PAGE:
MILWAUKEE -- Patrick Lubar is getting his hands dirty away from his summer internship at PNC Bank.
Armed with a shovel to move loads soil isn't just labor, but a career building tool to his future and finishing strong at UW-Madison.
"I think it really helps with communication skills and getting along with others, learning to work together," he said. "It's an important skill to have in life."
Lubar is apart of the United Way's Intern Day of Action.
It challenges young leaders in the community to volunteer their time to better the lives of others.
Sue Dlouhy, community relations director for Curative Care Network, said it also benefits them in other ways.
"Finding out what the community's needs are and understanding that both volunteer support and financial support can really go a long way in helping the community overcome some of the problems we have," she said.
The large flower beds being filled with soil will be used for the horticultural therapy program at the Curative Care Network.
The goal is to foster growth in adults with developmental disabilities.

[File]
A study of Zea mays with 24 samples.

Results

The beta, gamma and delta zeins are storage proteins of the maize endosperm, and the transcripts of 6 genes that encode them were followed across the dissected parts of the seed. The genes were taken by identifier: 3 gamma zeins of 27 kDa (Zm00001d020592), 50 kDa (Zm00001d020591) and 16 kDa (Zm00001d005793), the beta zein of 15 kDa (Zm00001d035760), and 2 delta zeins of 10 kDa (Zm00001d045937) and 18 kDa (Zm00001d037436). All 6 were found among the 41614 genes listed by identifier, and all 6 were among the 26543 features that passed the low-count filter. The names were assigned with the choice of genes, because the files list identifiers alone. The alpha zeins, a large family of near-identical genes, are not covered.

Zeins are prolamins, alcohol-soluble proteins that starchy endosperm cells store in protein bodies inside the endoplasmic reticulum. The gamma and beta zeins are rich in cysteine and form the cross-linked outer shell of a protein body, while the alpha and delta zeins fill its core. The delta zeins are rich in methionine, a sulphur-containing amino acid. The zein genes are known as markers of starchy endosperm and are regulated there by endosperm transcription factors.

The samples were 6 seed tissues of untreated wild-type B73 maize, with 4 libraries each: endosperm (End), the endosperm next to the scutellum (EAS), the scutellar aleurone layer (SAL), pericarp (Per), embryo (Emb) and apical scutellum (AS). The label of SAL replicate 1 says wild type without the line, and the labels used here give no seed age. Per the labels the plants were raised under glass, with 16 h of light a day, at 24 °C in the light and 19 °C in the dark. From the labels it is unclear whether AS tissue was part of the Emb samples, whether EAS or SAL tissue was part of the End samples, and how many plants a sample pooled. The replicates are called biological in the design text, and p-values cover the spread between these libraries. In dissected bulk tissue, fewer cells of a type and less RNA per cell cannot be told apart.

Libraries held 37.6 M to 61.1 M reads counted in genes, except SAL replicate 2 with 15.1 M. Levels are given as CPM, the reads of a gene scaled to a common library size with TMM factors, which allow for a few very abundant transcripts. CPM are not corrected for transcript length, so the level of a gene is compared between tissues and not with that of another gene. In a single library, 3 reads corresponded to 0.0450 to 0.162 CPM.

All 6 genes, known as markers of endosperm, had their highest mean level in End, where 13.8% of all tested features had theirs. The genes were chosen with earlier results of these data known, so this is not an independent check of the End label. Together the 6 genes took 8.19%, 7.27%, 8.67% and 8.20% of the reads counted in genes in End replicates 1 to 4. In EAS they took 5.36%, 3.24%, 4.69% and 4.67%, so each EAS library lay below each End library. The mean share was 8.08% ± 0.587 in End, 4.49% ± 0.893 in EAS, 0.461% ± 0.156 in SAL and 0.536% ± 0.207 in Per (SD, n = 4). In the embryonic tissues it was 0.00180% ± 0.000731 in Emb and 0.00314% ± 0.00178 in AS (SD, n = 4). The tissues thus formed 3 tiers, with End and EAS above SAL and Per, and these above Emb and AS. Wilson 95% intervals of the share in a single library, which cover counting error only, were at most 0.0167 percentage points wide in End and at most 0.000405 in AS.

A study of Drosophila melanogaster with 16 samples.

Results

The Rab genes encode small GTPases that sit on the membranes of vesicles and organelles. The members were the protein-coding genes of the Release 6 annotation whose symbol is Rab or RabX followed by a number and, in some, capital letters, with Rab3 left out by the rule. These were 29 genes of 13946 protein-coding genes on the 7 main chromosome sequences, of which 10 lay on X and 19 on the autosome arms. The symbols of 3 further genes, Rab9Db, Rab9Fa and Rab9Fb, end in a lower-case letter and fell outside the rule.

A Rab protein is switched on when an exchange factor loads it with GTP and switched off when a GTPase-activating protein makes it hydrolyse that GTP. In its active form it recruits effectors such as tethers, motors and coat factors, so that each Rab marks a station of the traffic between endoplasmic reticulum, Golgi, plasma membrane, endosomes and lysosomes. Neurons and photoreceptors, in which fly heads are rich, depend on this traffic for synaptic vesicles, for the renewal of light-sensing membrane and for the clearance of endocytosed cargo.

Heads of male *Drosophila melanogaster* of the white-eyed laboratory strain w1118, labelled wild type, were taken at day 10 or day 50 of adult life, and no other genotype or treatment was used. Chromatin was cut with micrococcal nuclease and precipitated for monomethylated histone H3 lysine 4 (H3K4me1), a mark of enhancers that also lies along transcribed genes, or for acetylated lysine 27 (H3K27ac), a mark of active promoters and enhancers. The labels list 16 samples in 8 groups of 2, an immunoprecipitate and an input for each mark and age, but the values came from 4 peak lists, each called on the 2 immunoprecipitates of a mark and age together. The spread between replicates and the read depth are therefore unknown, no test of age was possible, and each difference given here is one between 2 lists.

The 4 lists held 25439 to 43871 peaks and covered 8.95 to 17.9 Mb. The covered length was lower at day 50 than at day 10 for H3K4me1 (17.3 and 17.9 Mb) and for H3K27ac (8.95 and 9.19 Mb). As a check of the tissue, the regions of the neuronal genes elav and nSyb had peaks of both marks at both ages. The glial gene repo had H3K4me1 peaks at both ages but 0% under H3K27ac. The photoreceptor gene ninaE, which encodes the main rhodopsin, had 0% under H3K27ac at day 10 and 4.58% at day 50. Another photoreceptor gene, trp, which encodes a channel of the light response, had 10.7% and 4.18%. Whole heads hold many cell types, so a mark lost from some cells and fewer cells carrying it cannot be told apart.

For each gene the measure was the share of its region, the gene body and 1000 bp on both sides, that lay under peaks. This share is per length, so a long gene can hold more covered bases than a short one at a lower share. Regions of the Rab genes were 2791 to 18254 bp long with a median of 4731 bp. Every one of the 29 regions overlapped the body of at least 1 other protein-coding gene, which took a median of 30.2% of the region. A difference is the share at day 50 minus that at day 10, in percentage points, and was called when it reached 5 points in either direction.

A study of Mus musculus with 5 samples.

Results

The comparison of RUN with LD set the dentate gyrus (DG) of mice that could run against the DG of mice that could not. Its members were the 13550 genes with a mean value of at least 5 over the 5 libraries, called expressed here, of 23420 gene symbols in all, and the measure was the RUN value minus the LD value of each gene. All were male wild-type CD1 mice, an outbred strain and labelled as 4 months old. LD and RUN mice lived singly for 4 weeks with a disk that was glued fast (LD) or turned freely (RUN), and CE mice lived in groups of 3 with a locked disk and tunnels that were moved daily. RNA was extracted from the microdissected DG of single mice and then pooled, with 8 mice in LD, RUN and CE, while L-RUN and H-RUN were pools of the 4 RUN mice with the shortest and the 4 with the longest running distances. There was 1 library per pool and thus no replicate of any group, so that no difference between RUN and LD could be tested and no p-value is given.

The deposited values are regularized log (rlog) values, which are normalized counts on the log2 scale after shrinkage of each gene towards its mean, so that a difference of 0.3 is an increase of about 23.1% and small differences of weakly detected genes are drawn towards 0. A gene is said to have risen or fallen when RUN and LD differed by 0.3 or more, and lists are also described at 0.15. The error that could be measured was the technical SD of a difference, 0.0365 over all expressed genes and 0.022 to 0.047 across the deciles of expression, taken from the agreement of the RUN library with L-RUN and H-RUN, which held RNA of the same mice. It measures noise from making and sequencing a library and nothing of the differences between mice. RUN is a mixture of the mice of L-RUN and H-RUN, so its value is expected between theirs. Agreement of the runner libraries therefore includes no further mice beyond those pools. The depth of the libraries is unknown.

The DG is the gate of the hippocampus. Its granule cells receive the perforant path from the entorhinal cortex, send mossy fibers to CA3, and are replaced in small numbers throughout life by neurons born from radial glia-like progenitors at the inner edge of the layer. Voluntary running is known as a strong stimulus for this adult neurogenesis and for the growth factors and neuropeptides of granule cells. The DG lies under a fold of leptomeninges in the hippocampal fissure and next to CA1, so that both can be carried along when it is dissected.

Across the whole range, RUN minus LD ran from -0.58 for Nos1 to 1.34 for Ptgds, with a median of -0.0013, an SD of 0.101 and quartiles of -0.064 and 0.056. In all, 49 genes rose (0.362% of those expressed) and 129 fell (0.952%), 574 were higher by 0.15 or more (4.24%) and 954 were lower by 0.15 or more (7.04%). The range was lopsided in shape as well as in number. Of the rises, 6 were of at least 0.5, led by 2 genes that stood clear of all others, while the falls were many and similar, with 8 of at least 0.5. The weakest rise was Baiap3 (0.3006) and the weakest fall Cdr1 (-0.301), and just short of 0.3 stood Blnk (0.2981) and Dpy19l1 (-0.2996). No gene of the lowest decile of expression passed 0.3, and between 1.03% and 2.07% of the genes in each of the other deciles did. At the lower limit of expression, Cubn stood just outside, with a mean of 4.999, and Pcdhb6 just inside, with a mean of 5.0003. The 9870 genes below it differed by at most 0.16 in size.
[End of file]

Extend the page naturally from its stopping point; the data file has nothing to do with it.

"We've noticed a great improvement in the social interactions between the clients," said program coordinator Kelly Cunningham. "[And] We've noticed great improvements as far as attitudes go, excitement, even just being outside really brings people to life."
Dlouhy said that proves the power of living united.
The Curative Care Network is one of many agencies that receives money from the United Way of Greater Milwaukee.
Those dollars fund critical development services for a number of adults and children age birth to three.
"It's really important they get educational help, therapeutic help in their early years of life," continued Dlouhy. "So that they can hopefully overcome some of the problems they're having or learn to manage them."
With cheerful smiles, Curative clients worked right alongside volunteers to plant flowers and vegetables.
"Hopefully as the program grows at Curative we can start becoming more involved in the community and selling our produce at farmers markets," added Cunningham.
Seeds of new beginnings that all started with the giving spirit, helping the United Way's Intern Day of Action Make Milwaukee Great.